A member of the board of education urges citizens to vote.

On April 27, Holmdel residents have a unique opportunity to say “yes” to a local budget that includes no tax increase. 

You can also say “yes” to a few other things as well.

  • You can say “yes” to a budget that finally addresses long delayed maintenance projects and infrastructure repairs, such as repairs to the parking lot at the Satz School and the High School.
  • You can say “yes” to efforts to address growing class size and bolster our reading program with additional teaching support throughout our four schools.
  • You can say “yes” to a district that has made a concerted effort to control expenses, such as $1.8 million in energy savings over the last two years.
  • And most of all you can say “yes” to an educational system dedicated in providing children with multiple avenues for success—academically, athletically, and artistically.

I can’t speak for the school board as a whole, but I can offer you this personal perspective as a neighbor and fellow taxpayer.  For many years, I have talked to residents about the concerns they face, and the number one topic has always been taxes.  I’m extremely proud of the hard work by everyone associated with our school district from the administration to teachers to the parent groups to the school board, who have all worked together to achieve this milestone of a “zero” percent increase without sacrificing the high standards associated with one of the finest public educational programs in the country. 

Now you have the opportunity to place the final piece to the puzzle.  Please participate on April 27 and vote in this year’s school budget election. 

Mike Sockol

Ray April 25, 2011 at 04:00 PM
Though Mike is writing as an individual, and so am I, I'd like to point out that all nine board members have voted YES to adopt and present this budget to the residents for approval. It's not easy to come up with a ZERO % TAX INCREASE budget; it's the result of much hard work and long term planning (such as energy conservation program, union contract negotiation, and efficiencies in operation) plus a little luck (such as the partially restored State aid, which we pass to the residents for tax relief). A Budget Newsletter has been delivered to every household in Holmdel a few days ago. It has more details about the budget and also shows some results of our investment in terms of student performance. You can also get more information about this budget as well as other school news at: http://www.holmdel.k12.nj.us/ Finally, I'd like to reiterate that even though the budget has NO TAX INCREASE, it still needs to be approved by the residents at the poll, so please remember to vote YES this Wednesday, 2-9pm, 4/27. Thx! Ray Tai President, Holmdel BOE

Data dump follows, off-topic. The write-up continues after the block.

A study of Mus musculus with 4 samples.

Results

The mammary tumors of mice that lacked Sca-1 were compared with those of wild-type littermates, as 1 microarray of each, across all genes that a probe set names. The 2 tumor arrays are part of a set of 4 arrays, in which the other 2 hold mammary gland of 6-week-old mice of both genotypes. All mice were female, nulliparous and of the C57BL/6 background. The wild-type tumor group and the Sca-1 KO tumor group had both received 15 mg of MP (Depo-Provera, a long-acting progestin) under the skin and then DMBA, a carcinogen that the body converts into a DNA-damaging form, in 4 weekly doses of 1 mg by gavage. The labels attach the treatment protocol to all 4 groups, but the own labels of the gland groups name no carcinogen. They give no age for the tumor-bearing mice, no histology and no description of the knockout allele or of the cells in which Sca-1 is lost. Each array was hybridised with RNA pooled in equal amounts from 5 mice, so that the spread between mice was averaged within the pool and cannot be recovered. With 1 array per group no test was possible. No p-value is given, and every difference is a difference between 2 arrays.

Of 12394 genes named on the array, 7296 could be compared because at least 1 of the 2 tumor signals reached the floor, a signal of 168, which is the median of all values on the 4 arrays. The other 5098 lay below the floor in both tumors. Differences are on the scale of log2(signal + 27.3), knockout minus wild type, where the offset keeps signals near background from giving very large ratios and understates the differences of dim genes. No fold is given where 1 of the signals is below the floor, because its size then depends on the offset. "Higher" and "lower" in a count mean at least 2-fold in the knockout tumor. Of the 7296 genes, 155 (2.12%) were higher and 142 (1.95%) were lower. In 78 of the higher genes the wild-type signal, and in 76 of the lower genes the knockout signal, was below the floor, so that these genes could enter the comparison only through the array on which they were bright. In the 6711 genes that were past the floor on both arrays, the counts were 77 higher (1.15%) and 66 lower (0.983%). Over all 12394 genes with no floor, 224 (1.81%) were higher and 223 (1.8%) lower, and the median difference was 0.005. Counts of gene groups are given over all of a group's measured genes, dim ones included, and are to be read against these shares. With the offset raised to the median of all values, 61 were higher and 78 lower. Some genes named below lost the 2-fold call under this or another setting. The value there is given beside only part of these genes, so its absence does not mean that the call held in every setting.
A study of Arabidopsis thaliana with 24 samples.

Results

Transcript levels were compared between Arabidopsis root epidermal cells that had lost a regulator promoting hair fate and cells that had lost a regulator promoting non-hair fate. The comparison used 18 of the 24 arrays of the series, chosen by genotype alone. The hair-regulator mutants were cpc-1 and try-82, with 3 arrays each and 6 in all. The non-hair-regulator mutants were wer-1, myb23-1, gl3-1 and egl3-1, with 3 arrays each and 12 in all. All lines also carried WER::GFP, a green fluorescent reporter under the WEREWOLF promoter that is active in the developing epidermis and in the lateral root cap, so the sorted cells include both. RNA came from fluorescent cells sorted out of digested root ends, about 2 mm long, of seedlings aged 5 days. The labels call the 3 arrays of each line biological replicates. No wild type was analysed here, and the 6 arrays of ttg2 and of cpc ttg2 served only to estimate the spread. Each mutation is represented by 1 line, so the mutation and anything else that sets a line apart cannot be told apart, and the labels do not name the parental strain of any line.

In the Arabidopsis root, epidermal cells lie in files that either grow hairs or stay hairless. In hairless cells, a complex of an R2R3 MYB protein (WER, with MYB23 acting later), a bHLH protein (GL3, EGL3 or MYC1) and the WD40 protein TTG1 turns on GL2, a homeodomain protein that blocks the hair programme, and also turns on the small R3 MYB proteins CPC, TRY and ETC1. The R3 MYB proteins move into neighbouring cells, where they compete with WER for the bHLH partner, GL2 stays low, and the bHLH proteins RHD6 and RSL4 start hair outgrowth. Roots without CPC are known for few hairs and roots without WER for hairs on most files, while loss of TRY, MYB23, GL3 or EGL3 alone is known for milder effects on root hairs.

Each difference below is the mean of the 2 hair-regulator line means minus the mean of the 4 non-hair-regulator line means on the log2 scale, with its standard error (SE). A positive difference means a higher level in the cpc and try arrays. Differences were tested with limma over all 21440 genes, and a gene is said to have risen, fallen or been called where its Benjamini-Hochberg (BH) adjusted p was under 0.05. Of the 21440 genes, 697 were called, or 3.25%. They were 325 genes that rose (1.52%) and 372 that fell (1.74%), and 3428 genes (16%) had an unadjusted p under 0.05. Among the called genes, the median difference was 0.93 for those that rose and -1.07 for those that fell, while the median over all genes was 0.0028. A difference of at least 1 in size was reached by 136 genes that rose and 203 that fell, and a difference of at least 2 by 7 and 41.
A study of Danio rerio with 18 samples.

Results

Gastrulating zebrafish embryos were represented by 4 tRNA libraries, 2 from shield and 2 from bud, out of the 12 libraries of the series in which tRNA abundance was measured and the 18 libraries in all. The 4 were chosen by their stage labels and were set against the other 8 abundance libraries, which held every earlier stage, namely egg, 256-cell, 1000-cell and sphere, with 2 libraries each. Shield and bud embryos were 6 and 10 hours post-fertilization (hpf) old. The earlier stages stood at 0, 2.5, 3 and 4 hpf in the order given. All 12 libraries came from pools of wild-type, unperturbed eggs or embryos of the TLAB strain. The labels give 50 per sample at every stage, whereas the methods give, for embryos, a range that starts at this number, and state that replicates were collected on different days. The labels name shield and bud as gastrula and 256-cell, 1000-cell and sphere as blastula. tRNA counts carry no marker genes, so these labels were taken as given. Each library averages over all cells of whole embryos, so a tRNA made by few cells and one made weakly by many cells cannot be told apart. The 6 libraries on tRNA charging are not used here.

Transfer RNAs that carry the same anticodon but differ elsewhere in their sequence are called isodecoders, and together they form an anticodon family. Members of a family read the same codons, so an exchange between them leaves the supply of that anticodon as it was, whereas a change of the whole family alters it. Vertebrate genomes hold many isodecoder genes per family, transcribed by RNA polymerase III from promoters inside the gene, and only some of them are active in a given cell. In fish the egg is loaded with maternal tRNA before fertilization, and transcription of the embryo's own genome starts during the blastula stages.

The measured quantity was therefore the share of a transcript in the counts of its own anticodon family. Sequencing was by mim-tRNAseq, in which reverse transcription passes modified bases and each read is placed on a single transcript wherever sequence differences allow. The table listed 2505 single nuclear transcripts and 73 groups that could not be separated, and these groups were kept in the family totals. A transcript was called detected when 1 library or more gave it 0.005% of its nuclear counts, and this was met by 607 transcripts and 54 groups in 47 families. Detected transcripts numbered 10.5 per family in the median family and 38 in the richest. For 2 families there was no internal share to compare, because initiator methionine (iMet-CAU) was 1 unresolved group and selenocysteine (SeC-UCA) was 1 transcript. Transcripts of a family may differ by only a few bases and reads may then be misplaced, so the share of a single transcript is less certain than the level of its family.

Dean D'Ambrosi April 26, 2011 at 12:24 PM
There is a question that has been bothering me. First it is great that we have a zero tax increase this year in the budget and great work by the school board! I really applaud all of your efforts top limit expenses and utilize the additional state funding to offset the increases in the school budget! My question is this: We received additional funding from the state and that helped offset the increases in the school budget to help us reach the zero tax increase. If we did not receive that funding we would actually have an increase in the taxes by almost 2% because of the increases in the school budget. What happens if the additional state funding goes away next year? It seems to me that if it does go away the tax payer might be looking at a significant increase in taxes to cover not only this years budget increases but next years increases as well. Thank you again to the school board for all of your efforts, I am just concerned that this budget might not do enough to limit future taxpayer exposure.
Mike Sockol April 26, 2011 at 02:46 PM
Dean, as always, a very thoughtful point. Right now, our school district receives 93 percent of our local funding from Holmdel taxpayers, which means we are less susceptible to the ups and downs of state funding, but we are extremely susceptible to swings in property values. So naturally the future of the Lucent property (as well as other commercial properties within Holmdel) will have a major impact on how we can continue to control taxes while maintaining the services that residents expect, which includes a quality public school system.